By Aaron Kesel
Russia has tested its hypersonic weapons that Activist Post reported Putin had teased just last week. The hypersonic weapon’s name is Avangard, a state-of-the-art hypersonic projectile, that can travel at more than 30,000km/h, according to Russia’s Deputy Prime Minister Yuri Borisov, RT reported.
Borisov told Rossiya 24 TV channel that the test of the weapon proved the hypersonic glider can travel an incredible speed at Mach 27, stating no known weapon can intercept it from hitting its target.
“There’s almost no missile that can shoot it down at such speeds,” Borisov said. He added, “Any missile defense becomes useless, it is very tough to detect and hit the projectile.”
For those unfamiliar with aeronautical terms, Mach 27 means that the missile is 27 times the speed of sound. Russian President Vladimir Putin compared the missile to a “meteorite,” Sky News reported.
“It heads to target like a meteorite, like a fireball.” Putin said.
The Avangard was launched from southwest Russia and successfully hit and destroyed a target 3,700 miles (5,954km) away in the country’s far east, Putin said.
That’s not the only weapon that Russia tested; they also ran a test of a Poseidon nuclear-capable strategic drone underwater, TASS reported.
This comes after Russia ran a drill flying two of its nuclear-capable strategic Tu-160 bombers over the Caribbean Sea during a 10-hour training mission last week, WSBTV reported.
It’s also further worth noting that Putin recently stated that the threat of nuclear war should not be underestimated as tensions have risen between NATO countries and Russia within the past few months. Putin added that U.S. withdrawal from the treaty could spur “global catastrophe” and that he hopes “common sense will prevail.”
In combination with the socialist nation of Venezuela, which also has sanctions against it by the U.S. government, Russia plans to build a base and a military presence presumably in response to the U.S. suggesting it will pull out of the INF treaty in La Orchila, Venezuela according to TASS.
According to military envoys, Russian authorities have made a decision (and Venezuelan President Nicolas Maduro did not object) to deploy strategic aircraft to one of Venezuela’s islands in the Caribbean Sea, which has a naval base and a military airfield. Ten years ago, Russian experts and Armed Forces commanders had already visited the island of La Orchila, located 200 kilometers northeast of Caracas. Venezuelan laws prohibit the setup of military bases in the country, but a temporary deployment of warplanes is possible.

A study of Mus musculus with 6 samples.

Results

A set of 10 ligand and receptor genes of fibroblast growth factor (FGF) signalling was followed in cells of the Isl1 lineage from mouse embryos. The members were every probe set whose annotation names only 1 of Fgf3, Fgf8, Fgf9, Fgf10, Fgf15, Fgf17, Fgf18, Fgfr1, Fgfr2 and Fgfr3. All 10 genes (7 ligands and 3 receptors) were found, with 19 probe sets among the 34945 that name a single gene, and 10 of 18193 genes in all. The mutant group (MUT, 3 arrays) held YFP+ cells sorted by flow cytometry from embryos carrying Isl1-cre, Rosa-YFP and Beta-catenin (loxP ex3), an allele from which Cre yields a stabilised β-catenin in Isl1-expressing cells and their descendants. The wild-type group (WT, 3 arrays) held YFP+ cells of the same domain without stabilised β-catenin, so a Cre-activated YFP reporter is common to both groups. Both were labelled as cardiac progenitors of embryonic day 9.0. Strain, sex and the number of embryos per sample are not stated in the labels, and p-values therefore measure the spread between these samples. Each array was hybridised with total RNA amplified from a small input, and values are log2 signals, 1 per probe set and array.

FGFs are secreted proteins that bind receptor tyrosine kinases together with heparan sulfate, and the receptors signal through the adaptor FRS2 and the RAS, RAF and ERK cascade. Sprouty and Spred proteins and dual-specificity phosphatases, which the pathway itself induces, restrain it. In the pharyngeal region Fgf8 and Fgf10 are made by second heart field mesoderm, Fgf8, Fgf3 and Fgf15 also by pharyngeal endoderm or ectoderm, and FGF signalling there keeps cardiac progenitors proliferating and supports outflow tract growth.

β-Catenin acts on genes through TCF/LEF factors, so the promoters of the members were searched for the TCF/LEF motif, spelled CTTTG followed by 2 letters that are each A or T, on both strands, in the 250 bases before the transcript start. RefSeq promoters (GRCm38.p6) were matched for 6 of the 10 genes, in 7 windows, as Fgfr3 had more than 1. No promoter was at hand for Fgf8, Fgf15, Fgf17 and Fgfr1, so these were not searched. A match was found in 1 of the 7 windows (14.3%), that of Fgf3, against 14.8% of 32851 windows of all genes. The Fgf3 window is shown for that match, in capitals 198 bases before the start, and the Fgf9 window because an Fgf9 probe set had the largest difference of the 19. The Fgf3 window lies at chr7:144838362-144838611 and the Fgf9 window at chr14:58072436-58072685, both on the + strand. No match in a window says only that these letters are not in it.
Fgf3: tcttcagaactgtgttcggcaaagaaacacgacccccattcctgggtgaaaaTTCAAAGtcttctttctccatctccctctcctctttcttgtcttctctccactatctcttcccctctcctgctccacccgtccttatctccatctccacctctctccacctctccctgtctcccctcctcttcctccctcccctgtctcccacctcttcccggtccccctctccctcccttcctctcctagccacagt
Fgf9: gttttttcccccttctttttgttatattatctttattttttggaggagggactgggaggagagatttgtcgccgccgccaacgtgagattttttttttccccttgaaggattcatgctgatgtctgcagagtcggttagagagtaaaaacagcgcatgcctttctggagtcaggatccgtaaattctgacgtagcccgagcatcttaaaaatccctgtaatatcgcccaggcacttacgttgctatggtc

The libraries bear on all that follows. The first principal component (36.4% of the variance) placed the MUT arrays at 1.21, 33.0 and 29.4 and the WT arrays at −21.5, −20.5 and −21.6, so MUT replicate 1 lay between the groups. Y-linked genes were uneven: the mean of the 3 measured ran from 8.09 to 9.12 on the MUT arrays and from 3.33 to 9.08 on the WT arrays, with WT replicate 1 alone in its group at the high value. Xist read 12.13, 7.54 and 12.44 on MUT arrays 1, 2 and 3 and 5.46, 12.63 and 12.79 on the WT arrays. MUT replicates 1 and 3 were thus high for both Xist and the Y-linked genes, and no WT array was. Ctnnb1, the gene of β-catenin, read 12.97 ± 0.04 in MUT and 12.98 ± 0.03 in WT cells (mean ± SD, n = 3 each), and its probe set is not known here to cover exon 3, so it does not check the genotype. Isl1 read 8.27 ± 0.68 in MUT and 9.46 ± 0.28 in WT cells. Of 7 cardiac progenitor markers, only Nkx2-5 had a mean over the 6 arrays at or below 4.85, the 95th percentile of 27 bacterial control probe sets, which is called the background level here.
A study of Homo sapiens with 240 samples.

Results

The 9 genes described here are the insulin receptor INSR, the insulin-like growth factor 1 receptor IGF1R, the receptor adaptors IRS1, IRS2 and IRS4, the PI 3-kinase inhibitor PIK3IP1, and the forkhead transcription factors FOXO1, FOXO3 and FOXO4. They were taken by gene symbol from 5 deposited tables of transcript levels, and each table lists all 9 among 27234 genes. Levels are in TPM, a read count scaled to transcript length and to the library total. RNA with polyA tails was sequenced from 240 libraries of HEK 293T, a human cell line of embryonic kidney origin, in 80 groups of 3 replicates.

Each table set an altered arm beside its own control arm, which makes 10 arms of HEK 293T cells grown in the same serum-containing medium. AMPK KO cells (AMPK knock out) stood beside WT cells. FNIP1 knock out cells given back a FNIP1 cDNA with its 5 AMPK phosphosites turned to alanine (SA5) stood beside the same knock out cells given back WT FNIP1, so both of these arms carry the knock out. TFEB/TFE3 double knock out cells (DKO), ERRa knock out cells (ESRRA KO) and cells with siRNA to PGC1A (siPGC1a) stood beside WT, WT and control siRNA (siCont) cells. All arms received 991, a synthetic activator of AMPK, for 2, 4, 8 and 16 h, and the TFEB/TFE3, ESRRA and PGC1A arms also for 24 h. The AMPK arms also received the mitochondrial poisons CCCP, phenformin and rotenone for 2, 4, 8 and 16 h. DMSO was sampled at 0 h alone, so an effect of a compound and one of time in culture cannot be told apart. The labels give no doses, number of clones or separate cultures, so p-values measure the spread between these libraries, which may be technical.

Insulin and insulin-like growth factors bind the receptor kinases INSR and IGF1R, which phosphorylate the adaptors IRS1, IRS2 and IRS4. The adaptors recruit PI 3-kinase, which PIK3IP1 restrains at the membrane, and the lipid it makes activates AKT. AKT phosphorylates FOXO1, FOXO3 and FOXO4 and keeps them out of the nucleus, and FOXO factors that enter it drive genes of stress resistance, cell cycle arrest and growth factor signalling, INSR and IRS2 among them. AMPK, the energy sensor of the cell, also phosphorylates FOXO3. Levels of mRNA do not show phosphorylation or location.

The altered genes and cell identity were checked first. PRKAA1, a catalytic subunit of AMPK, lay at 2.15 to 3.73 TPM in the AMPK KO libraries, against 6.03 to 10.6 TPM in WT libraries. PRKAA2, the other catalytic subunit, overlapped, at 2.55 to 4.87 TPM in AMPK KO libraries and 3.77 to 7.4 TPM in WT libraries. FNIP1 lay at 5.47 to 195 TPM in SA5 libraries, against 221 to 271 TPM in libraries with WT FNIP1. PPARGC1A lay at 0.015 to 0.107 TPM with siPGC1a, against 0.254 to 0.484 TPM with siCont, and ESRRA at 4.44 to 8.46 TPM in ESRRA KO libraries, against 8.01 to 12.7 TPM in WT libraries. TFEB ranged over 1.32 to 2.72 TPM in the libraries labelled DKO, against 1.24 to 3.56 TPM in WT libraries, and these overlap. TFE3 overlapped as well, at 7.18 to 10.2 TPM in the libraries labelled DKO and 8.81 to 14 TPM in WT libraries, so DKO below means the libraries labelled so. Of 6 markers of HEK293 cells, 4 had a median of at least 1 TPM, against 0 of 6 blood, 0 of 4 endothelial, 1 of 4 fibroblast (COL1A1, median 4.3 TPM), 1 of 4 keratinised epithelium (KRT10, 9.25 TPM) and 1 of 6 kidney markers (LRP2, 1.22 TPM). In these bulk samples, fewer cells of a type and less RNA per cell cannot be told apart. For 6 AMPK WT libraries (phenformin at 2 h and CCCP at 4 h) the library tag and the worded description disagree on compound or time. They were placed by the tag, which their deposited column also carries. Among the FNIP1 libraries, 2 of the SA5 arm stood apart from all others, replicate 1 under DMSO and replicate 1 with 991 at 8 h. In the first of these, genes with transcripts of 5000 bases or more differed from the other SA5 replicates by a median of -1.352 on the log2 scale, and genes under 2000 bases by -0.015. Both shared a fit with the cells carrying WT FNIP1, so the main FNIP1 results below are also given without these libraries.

“It is the right idea to include Venezuela in long-range aviation missions,” military expert Colonel Shamil Gareyev told the newspaper, adding that it was also economically reasonable. “Our strategic bombers will not only not have to return to Russia every time, but also won’t perform aerial refueling while on a patrol mission in the Americas. Our Tu-160 aircraft arrive to their base in Venezuela, conduct flights, execute their missions and are then replaced on a rotating basis. This is how it should be done,” he said.
Colonel Eduard Rodyukov, a Corresponding Member of the Academy of Military Sciences, in turn, told Nezavisimaya Gazeta that “the arrival of Russia’s Tu-160 strategic bombers to Central America is kind of a signal to Trump to make him realize that abandoning nuclear disarmament treaties will have a boomerang effect.”
U.S. Secretary of State Mike Pompeo responded in an angry rant by stating the drills were a waste of public funds. “Russia’s government has sent bombers halfway around the world to Venezuela,” Pompeo said on Twitter. “The Russian and Venezuelan people should see this for what it is: two corrupt governments squandering public funds, and squelching liberty and freedom while their people suffer.”
The U.S. recently gave Russia 60 days to comply with a treaty banning the development of intermediate range nuclear missiles. Putin denied the U.S. claim that Russia has developed a new cruise missile in violation of 1987 Intermediate-range Nuclear Forces (INF) Treaty, which banned land-based nuclear missiles in Europe during the Cold War.
These moves by Russia risk reigniting the Cold War or an even worse full-fledged war which could turn nuclear as Putin suggested and cautioned should not be taken off the table altogether. While these geopolitical actions can only be perceived, they are in response to the U.S.’s threat to scrap the INF treaty.
Aaron Kesel writes for Activist Post. Support us at Patreon. Follow us on Minds, Steemit, SoMee, BitChute, Facebook and Twitter. Ready for solutions? Subscribe to our premium newsletter Counter Markets.